North Ridgeville City Schools
Posted at 6:12 PM, Jun 16, 2020

NORTH RIDGEVILLE, Ohio — North Ridgeville City Schools is leaving it up to the parents and students whether they come back in the fall or not.

"We were forced in March to do this quickly and the staff did an outstanding job immediately getting us up and running,” said Roxann Ramsey-Caserio, superintendent of North Ridgeville City Schools.

Ramsey-Caserio says they will be offering both in-person and online learning.

Families will have to pick either-or, and commit for at least a semester.

"We are continuing to plan what professional development might look like in addition to professional development for our parents and what they may need to know and understand,” said Ramsey-Caserio.

The district says all of its students will be learning the exact same material no matter which way they choose to take it in.

"For some of our families who are looking for an all-online solution, we would try to do it using Zoom to give a synchronized lesson that would be able to be sent in real-time to the students,” said Paul Hieronymus, Director of Technology at North Ridgeville City Schools.

The district with 4,700 students will have eight online sessions with parents over the next three weeks to ensure they are comfortable before making a choice.

At Lake Ridge Academy, a small, private school in North Ridgeville, the choice is easy. Just about all 420 of their students will be back in the classroom on August 21.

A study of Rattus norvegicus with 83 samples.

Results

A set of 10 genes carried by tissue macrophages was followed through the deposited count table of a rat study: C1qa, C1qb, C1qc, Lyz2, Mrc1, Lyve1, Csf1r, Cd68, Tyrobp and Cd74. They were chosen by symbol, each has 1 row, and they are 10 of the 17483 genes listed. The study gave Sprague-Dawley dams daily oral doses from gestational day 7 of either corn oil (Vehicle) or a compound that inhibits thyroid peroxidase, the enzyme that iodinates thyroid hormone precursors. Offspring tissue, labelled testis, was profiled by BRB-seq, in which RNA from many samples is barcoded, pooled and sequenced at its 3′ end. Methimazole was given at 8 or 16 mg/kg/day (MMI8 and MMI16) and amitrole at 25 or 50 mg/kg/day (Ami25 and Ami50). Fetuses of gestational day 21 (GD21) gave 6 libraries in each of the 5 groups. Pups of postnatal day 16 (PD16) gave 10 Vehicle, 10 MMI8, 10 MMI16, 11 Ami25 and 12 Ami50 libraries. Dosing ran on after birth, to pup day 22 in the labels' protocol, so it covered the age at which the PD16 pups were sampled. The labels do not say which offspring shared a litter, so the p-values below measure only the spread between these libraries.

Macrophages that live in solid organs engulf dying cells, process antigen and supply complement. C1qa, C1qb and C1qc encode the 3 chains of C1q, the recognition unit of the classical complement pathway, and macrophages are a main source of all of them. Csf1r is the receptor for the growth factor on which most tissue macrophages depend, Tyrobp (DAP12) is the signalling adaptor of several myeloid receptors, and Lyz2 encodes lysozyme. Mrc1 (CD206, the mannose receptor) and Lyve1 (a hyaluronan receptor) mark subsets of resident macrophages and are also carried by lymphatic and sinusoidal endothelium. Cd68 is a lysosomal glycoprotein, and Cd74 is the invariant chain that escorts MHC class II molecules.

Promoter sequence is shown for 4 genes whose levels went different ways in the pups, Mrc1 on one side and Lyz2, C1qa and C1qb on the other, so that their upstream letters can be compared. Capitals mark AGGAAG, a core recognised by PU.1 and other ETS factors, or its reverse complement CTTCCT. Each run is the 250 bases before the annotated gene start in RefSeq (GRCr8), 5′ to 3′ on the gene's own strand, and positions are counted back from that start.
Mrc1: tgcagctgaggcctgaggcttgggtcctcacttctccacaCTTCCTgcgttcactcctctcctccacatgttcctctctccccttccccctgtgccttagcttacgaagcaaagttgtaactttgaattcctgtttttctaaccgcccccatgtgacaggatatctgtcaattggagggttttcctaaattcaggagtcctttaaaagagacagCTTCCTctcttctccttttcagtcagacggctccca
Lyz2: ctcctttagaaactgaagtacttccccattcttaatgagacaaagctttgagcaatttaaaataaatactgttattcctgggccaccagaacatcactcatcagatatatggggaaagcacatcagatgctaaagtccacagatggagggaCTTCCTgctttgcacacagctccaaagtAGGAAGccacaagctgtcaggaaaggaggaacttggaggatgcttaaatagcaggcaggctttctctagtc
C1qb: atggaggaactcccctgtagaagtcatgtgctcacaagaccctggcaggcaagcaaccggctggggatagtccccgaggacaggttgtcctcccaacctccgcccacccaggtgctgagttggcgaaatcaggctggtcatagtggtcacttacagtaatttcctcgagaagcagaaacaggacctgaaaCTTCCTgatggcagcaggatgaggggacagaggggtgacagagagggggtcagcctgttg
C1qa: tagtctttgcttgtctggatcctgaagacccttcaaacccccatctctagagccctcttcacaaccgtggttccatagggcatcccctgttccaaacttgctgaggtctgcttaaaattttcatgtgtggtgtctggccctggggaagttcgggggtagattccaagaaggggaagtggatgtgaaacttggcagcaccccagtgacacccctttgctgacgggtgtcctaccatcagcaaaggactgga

"We believe that students learn best in-person and after consulting the experts and the guidance and the officials at Lorain County, we’re confident that under the current guidance that we can safely reopen,” said Mitch White, the head of school at Lake Ridge Academy.

School, as those Kindergarten through 12th grade students knew, will be much different. White says they will have barriers to protect students.

"A barrier might be six feet apart, it might be a face covering,” said White.

White says even passing period won’t be the same.

"We might release them in 25 percent increments so not all students are passing in the halls at the same time,” he said.

Different plans for their students in each school, but similar sentiments as we get through this together.

“Just be patient with us, we want to get decisions out there as quickly as we can but we want to make sure that they’re decisions that are going to keep students and staff safe,” said David Pritt, Director of Curriculum and Instruction at North Ridgeville City Schools.